I cannot give a complete answer to this question right now, but I believe that it would be possible to answer it by writing a moderate amount of computer code that made use of existing results in the literature.

I am interested in solving the more general problem:

Given an integer $n > 0$ describe the primitive permutation groups of degree $n$.

At the moment, the only routine way of answering this question is by using the GAP/Magma databases of primitive groups which currently go up to degree 4095, but should be extended to degree (at least) 8192 before long.

The barrier to extending this database further is that classifying the affine primitive groups of prime power degree $n=p^k$ (up to conjugacy in $S_n$) is equivalent to classifying the irreducible subgroups of ${\rm GL}(k,p)$ up to conjugacy, and that is computationally difficult, and is likely to remain an insuperable barrier to extending the lists beyond degree about 20000 in the foreseeable future.

But provided one is willing to accept "lots of affine groups" as part of the answer to my question above, then I believe it should be possible to answer it for much larger values of $n$. I would hope to be able to answer it for $n \le 492693551703971265784426771318116315247411200000000$ which, as I said in a comment, is (modulo a small number of uncertainties about the maximal subgroups of the Monster) the largest potential sporadic number.

By the O'Nan-Scott Theorem, the primitive permutation groups fall into a number of categories. These include groups of affine type, which we have agreed that we will not attempt to classify completely for large $n$. The second most frequently occurring type are the primitive permutation representations of degree $n$ of almost simple groups, which arise from maximal subgroups of almost simple groups of index $n$.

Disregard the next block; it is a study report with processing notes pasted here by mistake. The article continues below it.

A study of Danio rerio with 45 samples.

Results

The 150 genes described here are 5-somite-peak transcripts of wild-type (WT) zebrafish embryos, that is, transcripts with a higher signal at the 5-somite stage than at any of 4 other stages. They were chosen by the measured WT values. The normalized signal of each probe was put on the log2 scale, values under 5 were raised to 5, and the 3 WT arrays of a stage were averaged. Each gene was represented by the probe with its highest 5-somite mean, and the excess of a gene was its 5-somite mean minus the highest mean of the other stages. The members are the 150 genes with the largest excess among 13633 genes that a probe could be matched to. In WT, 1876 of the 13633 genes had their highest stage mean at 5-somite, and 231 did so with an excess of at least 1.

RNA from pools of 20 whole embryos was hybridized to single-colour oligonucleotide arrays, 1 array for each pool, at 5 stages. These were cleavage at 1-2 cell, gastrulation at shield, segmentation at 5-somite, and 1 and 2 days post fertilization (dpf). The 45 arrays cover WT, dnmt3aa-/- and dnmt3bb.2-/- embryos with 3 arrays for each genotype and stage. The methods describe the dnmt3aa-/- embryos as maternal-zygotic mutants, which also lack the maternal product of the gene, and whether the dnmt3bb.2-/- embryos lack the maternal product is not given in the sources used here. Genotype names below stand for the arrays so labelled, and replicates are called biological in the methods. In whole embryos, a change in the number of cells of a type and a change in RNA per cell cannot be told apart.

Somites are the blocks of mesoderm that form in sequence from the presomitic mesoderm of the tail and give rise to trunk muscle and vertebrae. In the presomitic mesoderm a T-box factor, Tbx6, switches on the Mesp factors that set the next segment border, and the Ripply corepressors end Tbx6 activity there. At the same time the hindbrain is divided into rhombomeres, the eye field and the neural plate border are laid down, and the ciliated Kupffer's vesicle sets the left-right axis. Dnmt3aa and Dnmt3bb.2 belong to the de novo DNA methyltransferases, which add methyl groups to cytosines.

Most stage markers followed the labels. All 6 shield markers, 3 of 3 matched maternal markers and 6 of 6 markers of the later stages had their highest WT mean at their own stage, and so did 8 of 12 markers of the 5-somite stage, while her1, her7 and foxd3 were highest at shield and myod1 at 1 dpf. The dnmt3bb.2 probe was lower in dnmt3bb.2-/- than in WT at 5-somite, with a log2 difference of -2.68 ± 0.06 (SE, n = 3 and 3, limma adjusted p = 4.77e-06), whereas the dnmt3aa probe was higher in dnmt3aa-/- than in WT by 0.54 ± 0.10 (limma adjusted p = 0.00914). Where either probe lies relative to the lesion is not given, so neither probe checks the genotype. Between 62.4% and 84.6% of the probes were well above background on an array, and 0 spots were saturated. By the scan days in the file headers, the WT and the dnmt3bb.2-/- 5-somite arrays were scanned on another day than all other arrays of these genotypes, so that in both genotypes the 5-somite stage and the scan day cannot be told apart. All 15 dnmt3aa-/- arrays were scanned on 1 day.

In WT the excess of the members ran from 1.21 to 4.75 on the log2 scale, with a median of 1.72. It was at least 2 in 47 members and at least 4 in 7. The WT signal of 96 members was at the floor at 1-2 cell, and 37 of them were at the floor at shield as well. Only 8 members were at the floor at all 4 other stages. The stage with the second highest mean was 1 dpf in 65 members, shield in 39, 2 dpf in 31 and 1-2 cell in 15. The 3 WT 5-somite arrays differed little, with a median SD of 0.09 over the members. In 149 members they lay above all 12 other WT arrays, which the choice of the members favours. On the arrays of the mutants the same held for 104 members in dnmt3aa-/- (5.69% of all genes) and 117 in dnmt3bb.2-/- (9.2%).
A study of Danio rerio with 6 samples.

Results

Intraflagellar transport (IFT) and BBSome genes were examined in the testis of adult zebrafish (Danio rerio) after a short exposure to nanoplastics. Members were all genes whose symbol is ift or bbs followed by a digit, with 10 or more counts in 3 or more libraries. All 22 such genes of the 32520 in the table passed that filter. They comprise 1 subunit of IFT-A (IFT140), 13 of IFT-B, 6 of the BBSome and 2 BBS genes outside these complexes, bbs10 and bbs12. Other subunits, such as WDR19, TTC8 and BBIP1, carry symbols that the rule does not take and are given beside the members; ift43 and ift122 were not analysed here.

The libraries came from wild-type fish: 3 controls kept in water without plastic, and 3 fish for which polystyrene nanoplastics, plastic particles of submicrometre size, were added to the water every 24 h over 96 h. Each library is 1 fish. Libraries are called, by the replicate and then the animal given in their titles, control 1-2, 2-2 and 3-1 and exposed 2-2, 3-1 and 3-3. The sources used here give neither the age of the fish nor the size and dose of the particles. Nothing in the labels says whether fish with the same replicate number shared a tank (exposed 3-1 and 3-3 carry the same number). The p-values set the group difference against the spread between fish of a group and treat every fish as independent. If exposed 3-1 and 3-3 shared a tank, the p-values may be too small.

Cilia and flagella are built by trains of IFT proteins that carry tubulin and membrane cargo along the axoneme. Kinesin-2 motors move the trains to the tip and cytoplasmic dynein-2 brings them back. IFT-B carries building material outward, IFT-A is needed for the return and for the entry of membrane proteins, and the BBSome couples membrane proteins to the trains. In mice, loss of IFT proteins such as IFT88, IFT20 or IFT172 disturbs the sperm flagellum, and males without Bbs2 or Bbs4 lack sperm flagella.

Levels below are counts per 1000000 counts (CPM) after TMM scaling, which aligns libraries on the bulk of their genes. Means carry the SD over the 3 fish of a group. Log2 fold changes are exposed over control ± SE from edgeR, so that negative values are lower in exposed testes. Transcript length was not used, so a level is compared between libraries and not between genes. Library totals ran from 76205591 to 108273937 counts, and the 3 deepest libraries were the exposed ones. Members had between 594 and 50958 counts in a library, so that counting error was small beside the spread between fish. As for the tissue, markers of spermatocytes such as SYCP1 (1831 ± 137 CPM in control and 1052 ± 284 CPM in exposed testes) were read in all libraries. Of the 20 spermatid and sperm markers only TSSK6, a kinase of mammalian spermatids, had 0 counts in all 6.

I believe that primitive groups of degree $n$ in the remaining O'Nan-Scott categories will be relatively easy to list, although I haven't thought about that in detail. They arise for relatively few values of $n$ - $n$ must either be a power of the order of as nonabelian simple group or a proper power of the degree of a smaller primitive group.

So the most difficult problem arises from the maximal subgroups of the almost groups $S$, and in fact results in the literature enable us to calculate those for very large $n$. To start with, the minimal degree $n$ of such maximal subgroups is known for all finite simple groups.

If $S = A_m$ or $S_m$, then we already know all maximal subgroups for $m \le 4095$ from the existing primitive groups database, and the intransitive and imprimitive maximals are easily described. For $m > 24$, a primitive maximal subgroup of $A_m$ or $S_m$ is known to have order at most $2^m$, so these will concern us only for $n \ge 4096!/2^{4096} \sim 3.5 \times 10^{11786}$.

Similar results apply to the classical simple groups based on Aschbacher's results about their maximal subgroups, which were made much more precise by Kleidman and Liebeck.

I have not yet checked what is known about the maximal subgroups of the exceptional groups of Lie type. These have been classified completely for the groups of small Lie rank, such as the Suzuki and Ree type groups, and for groups of larger rank, I believe that known results allow us to say that any unknown maximal subgroup has very large index indeed.

Finally the maximals of the sporadics and their extensions (all of degree at most 2) are all known apart from a very small number of uncertainties about the maximals of the Monster. It is currently unknown whether there are any such maximals with socle $L_2(13)$ or $L_2(16)$. (Unfortunately I am not sure whether anyone is currently attempting to resolve these remaining cases.)

I have computed a complete list of $285$ indexes of maximals of sporadic groups (ignoring the uncertainties for the Monster). Some of these also arise for degree two extensions, so they are not sporadic numbers according to your definition. Removing those from the list leaves 181, but some of the smaller numbers (such as $11$) are known not to be sporadic.